What happens if Pruitt leaves?

Source: Robin Bravender, E&E News reporter • Posted: Friday, March 16, 2018

Rumors swirled yesterday that President Trump might oust Attorney General Jeff Sessions and replace him with U.S. EPA boss Scott Pruitt.

If it happens, it stands to be among the president’s most consequential moves on environmental policy.

Pruitt, the former Oklahoma attorney general, is reviled by environmentalists and Democrats for moving swiftly to pare down EPA and roll back major rules dealing with everything from climate change and water to toxic chemicals. His tenure at EPA so far — just over one year — has also won him plaudits from conservatives and industry representatives who accused the Obama administration of vast overreach.

Pruitt’s possible jump to the Justice Department would leave a vacant slot at the helm of the nation’s top environmental agency at a time when other top administration jobs are in flux. Trump’s broad deregulatory push would likely continue at EPA and elsewhere, but the agency’s leadership and priorities could see big shifts if a new leader is confirmed or if Pruitt’s position goes unfilled amid opposition in the Senate.

After Trump fired Secretary of State Rex Tillerson on Tuesday, accounts surfaced that he is considering broader shake-ups in his Cabinet. Vanity Fair reported yesterday that Trump could replace Sessions with Pruitt. Sessions has recused himself from the DOJ probe into Russian meddling in the 2016 U.S. presidential election, but Pruitt presumably wouldn’t do so.

Pruitt would need to be confirmed to lead the Justice Department. So would a possible successor at EPA. Both of those confirmation battles promise to be epic. Senate Democrats have expressed frequent frustration with Pruitt for his environmental policies, transparency, and his use of taxpayer money for things like pricey travel and a soundproof phone booth. Any EPA nominee would be immediately at the center of a bitter partisan battle in a midterm election year.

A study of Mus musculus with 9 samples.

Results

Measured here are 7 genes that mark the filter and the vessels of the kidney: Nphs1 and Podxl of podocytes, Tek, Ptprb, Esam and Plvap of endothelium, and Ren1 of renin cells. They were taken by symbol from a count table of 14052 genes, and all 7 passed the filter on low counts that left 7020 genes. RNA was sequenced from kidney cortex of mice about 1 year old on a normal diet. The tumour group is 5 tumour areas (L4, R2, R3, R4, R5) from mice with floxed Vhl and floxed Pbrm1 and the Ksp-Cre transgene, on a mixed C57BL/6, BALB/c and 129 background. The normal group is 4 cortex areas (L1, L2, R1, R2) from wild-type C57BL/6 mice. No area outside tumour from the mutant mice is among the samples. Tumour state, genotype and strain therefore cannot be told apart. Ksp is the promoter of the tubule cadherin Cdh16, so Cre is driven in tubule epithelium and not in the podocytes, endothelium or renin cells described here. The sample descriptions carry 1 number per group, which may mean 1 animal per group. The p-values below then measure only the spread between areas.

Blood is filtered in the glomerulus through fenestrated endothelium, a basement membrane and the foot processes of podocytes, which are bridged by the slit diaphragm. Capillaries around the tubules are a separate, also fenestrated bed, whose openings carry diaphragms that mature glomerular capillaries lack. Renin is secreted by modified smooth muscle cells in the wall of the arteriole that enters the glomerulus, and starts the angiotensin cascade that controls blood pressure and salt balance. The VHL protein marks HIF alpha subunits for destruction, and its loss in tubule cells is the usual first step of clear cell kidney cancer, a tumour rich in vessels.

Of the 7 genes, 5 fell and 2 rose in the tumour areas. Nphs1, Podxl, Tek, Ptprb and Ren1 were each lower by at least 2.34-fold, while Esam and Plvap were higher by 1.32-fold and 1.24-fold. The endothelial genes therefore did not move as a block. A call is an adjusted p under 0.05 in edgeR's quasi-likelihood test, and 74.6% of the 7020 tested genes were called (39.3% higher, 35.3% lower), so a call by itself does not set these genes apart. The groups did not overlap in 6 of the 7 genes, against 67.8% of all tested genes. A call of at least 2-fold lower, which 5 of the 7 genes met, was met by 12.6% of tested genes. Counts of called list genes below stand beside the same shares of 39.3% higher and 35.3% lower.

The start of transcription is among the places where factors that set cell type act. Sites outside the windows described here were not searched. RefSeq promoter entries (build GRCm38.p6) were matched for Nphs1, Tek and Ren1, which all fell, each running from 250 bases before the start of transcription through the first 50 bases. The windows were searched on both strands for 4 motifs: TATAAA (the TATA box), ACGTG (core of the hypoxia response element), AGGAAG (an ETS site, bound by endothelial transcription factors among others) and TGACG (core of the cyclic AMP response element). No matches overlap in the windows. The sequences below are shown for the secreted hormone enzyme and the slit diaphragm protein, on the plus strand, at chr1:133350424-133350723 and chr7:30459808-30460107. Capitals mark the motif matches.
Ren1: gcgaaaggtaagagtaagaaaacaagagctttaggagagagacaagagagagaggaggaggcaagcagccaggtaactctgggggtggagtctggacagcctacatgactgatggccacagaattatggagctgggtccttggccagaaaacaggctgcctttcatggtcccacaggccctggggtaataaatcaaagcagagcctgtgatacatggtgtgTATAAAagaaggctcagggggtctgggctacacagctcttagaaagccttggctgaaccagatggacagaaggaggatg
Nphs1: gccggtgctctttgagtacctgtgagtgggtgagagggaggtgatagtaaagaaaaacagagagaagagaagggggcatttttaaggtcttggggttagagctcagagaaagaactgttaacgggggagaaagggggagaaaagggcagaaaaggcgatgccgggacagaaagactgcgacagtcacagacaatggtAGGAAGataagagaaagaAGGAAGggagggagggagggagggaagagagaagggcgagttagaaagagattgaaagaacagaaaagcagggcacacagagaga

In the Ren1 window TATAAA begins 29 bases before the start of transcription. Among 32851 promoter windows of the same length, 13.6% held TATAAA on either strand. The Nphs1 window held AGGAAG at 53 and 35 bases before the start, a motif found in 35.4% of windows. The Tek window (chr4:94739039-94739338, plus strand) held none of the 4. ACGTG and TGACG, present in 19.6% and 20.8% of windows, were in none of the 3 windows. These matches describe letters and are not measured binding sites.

EPA referred questions to the White House, which did not respond to a request for comment.

Environmentalists who have excoriated Pruitt for his rule rollbacks, expensive travel and efforts to downsize EPA would be thrilled to see him go.

“Pruitt would certainly improve EPA by leaving it,” said Dan Becker, director of the Safe Climate Campaign. “But justice would pay a terrible price for his extremism and arrogance” if he were to move to DOJ.

Pruitt’s supporters, meanwhile, have been happy with his moves toward repealing the Clean Power Plan and reviewing or cutting other major Obama-era environmental regulations. Pruitt recently issued a report summarizing his first year in office and lauding his often-stated efforts to focus on EPA’s “core mission.”

It’s unclear who might take the helm at EPA if Pruitt goes to a different agency.

Trump’s pick to become Pruitt’s deputy, former coal industry lobbyist Andrew Wheeler, was nominated last October but hasn’t yet cleared the Senate.

Names circulating as possible replacements for Pruitt include EPA air chief Bill Wehrum; Donald van der Vaart, the former top environmental regulator in North Carolina; Bryan Shaw, chairman of the Texas Commission on Environmental Quality; and Craig Butler, head of the Ohio EPA.

There’s a chance that West Virginia Attorney General Patrick Morrisey, who’s running in the Republican primary in the race against Sen. Joe Manchin (D-W.Va.), could be a contender for the EPA slot if he loses the May 8 primary. He’s in a competitive race against Rep. Evan Jenkins and coal magnate Don Blankenship. Morrisey and Pruitt were among the state attorneys general who led the charge against the Clean Power Plan in court.